4 Things I Wish I Knew When I Was Diagnosed With Epilepsy

I was diagnosed with epilepsy at the age of 22.

It’s interesting when you’re diagnosed with an incurable and invisible illness that isn’t visible until a seizure occurs.

While most of the time I might look completely fine on the outside, on the inside there is a storm happening in my brain.

The brain controls the body through the nervous system using electrical impulses, and seizures cause a burst of abnormal electrical signals that interrupt normal brain signals. This ultimately disrupts how your body functions, so you could imagine how inconvenient this illness is.

I’ve lost consciousness in public countless times because of a surge of electrical activity that caused many neurons to fire at once, much faster than usual, causing my muscles to stiffen and my entire body to convulse. This is known as a tonic-clonic seizure. There’s nothing like regaining consciousness to someone looking down at you like they’ve seen a ghost.

Oftentimes, I’m on the ground unable to speak for several minutes because my brain decided to short-circuit, leaving on-lookers to wonder: Was it drugs? Is she drunk? Over time I’ve learned how to cope with the reality of having epilepsy, so inside, I laugh, thankful I didn’t take down a grocery display.

I’ve stared off while in mid-conversation with people, forgotten the names of certain people I know well, and have looked like I had just rolled out of bed while at the grocery store.

All jokes aside, an epilepsy diagnosis is a lot to handle, especially jumping right into your 20’s. Here are all of the things I wish I knew sooner.

Treatment can manage seizures:

There is currently no cure for epilepsy, but for the majority of people it can be managed with medication and other treatments such as the Keto Diet, neurostimulation devices (VNS, RNS), and surgery.

Support groups help:

Whether it be locally or online, it can help to know there are other people who have also been impacted by epilepsy and share similar experiences to yours. Connecting with these people can help you figure out how to live life productively with epilepsy, and be a comforting reminder that you’re not alone.

Don’t compare your seizures to what’s on TV and in movies:

When diagnosed with epilepsy, it’s easy to fall into the trap of comparing our seizures to what we see depicted on TV and in movies. However it’s important to remember that these portrayals often sensationalize or inaccurately depict the reality of living with epilepsy. Seizures can manifest in various ways and may not always resemble the dramatic scenes we witness on screen. Each person’s experience with epilepsy is unique, and comparing ourselves to fictionalized representations can lead to unrealistic expectations and unnecessary anxiety.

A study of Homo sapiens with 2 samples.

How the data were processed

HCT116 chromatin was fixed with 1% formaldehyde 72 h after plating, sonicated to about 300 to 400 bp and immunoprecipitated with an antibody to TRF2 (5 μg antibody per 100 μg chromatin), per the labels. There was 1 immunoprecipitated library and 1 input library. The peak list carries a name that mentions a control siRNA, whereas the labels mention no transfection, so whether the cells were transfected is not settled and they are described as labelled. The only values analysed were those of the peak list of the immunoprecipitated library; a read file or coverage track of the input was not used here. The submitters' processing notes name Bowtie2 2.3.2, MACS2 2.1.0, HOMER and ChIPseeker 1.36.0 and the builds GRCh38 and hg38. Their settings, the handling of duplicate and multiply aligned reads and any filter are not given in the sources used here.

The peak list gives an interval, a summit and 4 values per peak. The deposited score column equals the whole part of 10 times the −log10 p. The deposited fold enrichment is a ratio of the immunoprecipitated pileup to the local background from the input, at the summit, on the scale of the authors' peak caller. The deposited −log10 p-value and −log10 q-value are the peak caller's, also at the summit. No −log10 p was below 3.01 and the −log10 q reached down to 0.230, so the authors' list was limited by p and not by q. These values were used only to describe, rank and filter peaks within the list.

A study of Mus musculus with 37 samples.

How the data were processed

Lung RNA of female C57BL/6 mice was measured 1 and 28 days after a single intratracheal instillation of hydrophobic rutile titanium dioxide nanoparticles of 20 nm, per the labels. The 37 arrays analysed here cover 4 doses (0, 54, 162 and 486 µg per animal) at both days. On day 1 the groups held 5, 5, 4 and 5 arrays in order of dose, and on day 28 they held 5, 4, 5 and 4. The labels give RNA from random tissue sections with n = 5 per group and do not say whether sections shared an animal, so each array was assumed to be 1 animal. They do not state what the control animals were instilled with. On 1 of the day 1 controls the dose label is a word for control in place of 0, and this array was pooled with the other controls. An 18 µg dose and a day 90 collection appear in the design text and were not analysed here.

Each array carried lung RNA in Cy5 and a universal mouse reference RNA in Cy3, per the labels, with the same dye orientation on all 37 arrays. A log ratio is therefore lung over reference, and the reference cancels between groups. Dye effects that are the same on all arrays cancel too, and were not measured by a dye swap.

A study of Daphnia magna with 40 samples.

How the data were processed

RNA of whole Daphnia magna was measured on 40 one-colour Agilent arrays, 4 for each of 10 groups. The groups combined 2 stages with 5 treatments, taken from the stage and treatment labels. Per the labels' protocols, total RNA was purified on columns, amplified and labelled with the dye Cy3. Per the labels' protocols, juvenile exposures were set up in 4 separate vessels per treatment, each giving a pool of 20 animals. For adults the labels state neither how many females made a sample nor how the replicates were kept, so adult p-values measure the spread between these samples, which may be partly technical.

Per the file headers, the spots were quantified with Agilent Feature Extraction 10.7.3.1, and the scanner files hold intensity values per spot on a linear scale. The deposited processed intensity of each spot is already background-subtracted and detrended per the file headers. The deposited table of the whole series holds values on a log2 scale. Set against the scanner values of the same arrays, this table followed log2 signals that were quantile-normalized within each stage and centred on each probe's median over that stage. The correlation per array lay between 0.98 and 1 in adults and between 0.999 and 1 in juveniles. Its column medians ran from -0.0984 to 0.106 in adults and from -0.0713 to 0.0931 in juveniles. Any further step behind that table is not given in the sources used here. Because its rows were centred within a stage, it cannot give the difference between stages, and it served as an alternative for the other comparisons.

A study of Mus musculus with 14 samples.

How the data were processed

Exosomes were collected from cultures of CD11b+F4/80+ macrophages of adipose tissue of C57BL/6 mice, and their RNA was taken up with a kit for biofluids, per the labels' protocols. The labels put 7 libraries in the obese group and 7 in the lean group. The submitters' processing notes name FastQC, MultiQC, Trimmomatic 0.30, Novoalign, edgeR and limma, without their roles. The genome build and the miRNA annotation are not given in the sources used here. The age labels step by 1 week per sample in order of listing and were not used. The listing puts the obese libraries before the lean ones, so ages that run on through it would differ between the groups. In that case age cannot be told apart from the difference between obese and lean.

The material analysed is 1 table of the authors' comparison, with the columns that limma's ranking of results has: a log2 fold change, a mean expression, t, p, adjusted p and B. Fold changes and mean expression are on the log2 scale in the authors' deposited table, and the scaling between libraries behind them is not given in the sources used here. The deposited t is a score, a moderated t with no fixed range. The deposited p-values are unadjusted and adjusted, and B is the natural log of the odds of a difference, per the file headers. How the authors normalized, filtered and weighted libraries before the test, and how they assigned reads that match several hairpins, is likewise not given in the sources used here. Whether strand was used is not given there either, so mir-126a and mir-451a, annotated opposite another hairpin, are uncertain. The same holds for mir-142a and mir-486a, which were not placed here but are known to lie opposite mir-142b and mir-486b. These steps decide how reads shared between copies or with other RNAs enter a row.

You can advocate for yourself:

When it comes to your epilepsy, advocating for yourself is an essential part of managing your overall healthcare needs. Advocating for yourself is learning how to speak up for yourself, educating yourself about your illness, and asking questions. Lots of questions.


I never thought I would wind up being diagnosed with a lifelong illness like epilepsy, and yet it happened. At first, I found it difficult to grasp and didn’t understand many aspects of the illness.

Over time, however, I learned how to cope. I learned to find the positive in all of the challenges I faced. I learned that patience can be a valuable asset, and I learned that gratitude is my greatest weapon.

Even though I have tough days, I am so grateful for all I have and for the strong woman this condition has made me. No matter what epilepsy throws your way, with a good support system and a positive mindset, you can rise above anything.

Are there any things that you wish you knew?

Tiffany Kairos

I am a happily-ever-after wife, an epilepsy diagnosee, advocate for epilepsy awareness (The Epilepsy Network), life lover & Christ inspired! Life is a journey and I'm loving every moment of it. Even the bumps in the road!